Persons and businesses are subject to being made parties to lawsuits for a myriad of reasons. Whether it is to protect a clients rights or to defend against the claim of another party, The Hubbard Law Firm stands ready to represent you with skill and integrity.
- Land Disputes
Frequent Asked Questions:
Q1: Who pays for the damages?
A: Typically the defendant’s insurance company that was in effect when the damage was first noticed will be responsible for paying the damages.
Q2: Are there any time limits on filing a lawsuit for repairs?
A: Yes, but it varies by state. Many states have legislation that requires the homeowner or homeowners association to notify the developer or contractor of the defect and give them an opportunity to remedy the damage. Then they can file a lawsuit if the defect is not repaired. The statue of limitations (the time limit for filing a suit) also depends on whether the defect is latent (hidden and not obvious to a reasonable person) or patent (obvious). The shortest time limit is three years from the date the defect is discovered, or should have discovered the problem. Other statues start from the date of completion of the home. It is important to take action immediately if your home has a construction defect.
Q3: Who is responsible for construction defects?
A: There may be several responsible parties, but generally the responsibility will lay with the general contractors, developers, and the builders of residential structures even if the work was performed by subcontractors or if the defective materials used in construction were manufactured by others. Architects, designers and other involved parties may also be defendants in litigation.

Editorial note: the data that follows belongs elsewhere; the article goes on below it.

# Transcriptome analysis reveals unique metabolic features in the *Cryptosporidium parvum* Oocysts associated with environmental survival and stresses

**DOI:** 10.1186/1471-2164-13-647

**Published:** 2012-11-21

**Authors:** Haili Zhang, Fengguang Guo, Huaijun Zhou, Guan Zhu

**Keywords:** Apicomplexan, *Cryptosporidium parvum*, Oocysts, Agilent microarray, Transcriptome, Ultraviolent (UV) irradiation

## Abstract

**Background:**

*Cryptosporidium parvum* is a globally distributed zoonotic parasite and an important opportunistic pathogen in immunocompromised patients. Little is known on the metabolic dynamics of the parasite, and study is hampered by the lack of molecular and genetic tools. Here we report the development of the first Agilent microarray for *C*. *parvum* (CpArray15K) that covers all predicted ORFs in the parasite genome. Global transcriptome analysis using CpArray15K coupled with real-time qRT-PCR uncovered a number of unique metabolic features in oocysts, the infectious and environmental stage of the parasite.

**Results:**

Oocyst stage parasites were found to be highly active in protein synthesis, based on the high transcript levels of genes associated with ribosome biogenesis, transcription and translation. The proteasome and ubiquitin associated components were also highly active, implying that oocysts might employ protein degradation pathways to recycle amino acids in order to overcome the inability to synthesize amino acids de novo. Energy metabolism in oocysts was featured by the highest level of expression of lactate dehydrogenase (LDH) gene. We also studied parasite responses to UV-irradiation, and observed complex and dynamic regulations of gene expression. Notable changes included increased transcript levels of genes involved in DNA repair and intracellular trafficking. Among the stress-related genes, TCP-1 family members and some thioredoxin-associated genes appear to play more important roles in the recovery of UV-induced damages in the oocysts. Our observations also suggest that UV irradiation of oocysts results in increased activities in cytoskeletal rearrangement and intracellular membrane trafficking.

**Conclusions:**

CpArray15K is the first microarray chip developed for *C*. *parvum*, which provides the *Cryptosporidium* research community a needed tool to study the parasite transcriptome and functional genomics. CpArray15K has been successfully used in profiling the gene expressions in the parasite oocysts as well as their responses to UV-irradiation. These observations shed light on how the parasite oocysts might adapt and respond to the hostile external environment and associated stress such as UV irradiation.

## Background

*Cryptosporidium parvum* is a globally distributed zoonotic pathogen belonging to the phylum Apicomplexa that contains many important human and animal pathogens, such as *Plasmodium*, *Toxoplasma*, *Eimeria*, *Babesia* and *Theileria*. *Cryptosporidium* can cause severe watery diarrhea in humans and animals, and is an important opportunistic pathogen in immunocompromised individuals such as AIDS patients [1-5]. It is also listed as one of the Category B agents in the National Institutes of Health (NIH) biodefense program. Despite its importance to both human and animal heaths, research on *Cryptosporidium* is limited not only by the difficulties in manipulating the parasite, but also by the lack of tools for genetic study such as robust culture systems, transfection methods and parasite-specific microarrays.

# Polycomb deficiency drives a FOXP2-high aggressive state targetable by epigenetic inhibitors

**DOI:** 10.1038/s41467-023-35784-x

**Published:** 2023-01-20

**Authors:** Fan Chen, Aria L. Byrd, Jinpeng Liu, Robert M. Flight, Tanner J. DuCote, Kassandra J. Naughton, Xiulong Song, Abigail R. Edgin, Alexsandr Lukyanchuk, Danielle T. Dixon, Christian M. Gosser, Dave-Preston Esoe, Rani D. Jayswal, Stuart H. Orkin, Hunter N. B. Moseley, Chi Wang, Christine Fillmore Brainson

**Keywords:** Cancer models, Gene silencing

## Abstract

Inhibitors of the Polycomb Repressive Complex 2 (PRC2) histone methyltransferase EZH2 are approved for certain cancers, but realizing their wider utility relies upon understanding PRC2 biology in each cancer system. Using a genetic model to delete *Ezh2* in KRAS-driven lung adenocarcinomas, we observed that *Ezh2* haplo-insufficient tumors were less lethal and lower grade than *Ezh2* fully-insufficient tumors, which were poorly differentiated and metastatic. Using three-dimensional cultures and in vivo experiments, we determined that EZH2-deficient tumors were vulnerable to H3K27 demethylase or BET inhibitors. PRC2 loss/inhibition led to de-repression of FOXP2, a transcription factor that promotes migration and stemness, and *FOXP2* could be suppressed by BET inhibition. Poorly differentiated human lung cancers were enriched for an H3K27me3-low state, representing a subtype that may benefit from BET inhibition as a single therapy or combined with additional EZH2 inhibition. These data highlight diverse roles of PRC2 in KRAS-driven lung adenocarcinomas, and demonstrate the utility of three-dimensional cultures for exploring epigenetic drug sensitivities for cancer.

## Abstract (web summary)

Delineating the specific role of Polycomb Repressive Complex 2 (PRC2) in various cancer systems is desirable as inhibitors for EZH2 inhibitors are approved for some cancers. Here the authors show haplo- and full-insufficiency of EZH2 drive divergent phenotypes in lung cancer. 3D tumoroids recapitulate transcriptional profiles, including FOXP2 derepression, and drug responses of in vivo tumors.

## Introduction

Q4: Should I make repairs while the lawsuit is pending and can I recover those costs in the lawsuit?
A: Usually the homeowner or homeowner’s association is required to protect property from sustaining additional damage. Such costs are recoverable in the lawsuit. Failure to perform routine maintenance and reasonable repairs can cause or contribute to additional damages, which could be offset from the owners claim and lead to the defense of “failure to mitigate damages.”
Q5: Can I sell my home during a pending lawsuit?
A: Generally homeowners are allowed to sell their home during the lawsuit but most states have a disclosure law that requires a homeowner to disclose to a potential buyer that the home is involved in litigation.DISCLAIMER: This site and any information contained herein are intended for informational purposes only and should not be construed as legal advice. Seek competent legal counsel for advice on any legal matter.